Today, our world is in unfamiliar territory, but our industries and our people are resilient. One of the things that has remained constant is the need to build and maintain our infrastructure. A few years ago, I would have called it “critical infrastructure,” but as we continuously are reminded, all infrastructure is critical. Though it’s difficult to find a bright spot in any of this, we’re seeing possibilities emerge through stimulus packages and in the Federal Reserve’s recent interest rate cut — and we can expect more as additional efforts to simulate the economy are sure to come.

As an emergency response to the coronavirus pandemic, the Fed reduced interest rates by a full percentage point on March 15 — the second rate cut in two weeks and the largest in its history. A year ago, the federal funds rate stood about 2.5%; a month ago, it was about 1.75%; and today it’s at 0.25%. It’s possible that it could reach 0% in the near future.

The same is happening with the federal discount rate. A year ago, it was 3%; a month ago, it was 2.25%; and on March 16, it was lowered to 0.25% as well. As we have seen in the past, lower interest rates will work their way into bond markets and into low interest loan programs, such as state revolving loan funds. Lower interest rates, or even zero interest, create a rare opportunity to advance infrastructure projects with little or no “cost of money,” allowing a shift in purchasing power to increase construction value and decrease interest cost.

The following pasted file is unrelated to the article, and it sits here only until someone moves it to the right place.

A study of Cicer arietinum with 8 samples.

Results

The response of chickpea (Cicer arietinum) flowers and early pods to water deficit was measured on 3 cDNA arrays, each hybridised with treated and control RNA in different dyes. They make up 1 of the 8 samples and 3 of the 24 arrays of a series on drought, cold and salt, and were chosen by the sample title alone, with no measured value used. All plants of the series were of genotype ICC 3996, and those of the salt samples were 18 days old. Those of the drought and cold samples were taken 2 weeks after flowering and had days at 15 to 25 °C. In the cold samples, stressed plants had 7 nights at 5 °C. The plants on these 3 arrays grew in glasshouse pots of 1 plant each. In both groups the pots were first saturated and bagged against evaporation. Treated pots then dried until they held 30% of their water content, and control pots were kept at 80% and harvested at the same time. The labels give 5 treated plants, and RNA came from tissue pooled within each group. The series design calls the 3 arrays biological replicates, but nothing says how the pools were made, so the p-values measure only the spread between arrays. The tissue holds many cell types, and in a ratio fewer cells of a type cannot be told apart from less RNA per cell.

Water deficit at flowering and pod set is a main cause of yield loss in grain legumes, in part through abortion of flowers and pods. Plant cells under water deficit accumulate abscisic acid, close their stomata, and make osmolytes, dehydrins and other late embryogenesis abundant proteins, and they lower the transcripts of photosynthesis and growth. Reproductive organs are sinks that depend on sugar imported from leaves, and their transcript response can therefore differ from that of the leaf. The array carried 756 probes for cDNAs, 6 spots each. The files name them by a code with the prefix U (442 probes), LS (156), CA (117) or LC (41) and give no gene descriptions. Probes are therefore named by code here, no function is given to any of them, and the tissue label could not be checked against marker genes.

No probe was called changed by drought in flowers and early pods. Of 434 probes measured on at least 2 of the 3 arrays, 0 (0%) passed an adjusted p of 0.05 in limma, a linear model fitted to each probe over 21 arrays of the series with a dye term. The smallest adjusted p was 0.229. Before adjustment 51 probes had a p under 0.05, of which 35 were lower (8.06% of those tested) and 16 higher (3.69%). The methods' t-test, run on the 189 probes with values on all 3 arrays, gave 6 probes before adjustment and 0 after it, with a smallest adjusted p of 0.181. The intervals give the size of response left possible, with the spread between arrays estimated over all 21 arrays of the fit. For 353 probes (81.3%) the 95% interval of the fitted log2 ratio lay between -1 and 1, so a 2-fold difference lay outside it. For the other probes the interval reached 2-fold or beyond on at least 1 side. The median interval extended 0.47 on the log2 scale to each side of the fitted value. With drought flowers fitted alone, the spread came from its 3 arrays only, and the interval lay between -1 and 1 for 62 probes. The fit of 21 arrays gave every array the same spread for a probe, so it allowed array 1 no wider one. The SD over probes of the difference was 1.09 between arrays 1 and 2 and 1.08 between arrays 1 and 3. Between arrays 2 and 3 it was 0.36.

In addition to falling interest rates, federal and state governments are moving to stimulate the economy and create jobs. Infrastructure has been a significant part of all previous stimulus packages. If things follow the same pattern that they have in the past, when the economy begins to open up again we’re going to see infusions of cash for infrastructure projects that show readiness to proceed. Projects that can move rapidly into construction and supply chains — and, therefore, create a positive economic impact — will be prioritized and funded first.

Logic dictates that our current situation is relatively temporary, which means that the window of opportunity, and those attractive interest rates and funding opportunities, could be short-lived as well. As we have seen in the past, speed to market is the key to securing what might prove to be the most attractive funding packages in recent history.  

Keeping infrastructure projects moving is critical to bringing back our economic health, which is why it’s important to acquire funding so projects are ready for construction, when given the go-ahead, and can make an economic impact as soon as possible. Design-build and EPC project delivery methods are both well-suited to accelerate project execution by quickly capitalizing on lower interest rates and other funding opportunities. Getting projects up and running will help restore economic security to our families and citizens as we move through this temporary crisis.

 

Despite what’s happening in the world around us, funding water and wastewater infrastructure projects is an ongoing challenge. Though many assume the chances for securing federal funding is minimal, the money is out there for the right projects — and it’ll go unclaimed if no one asks or applies for it.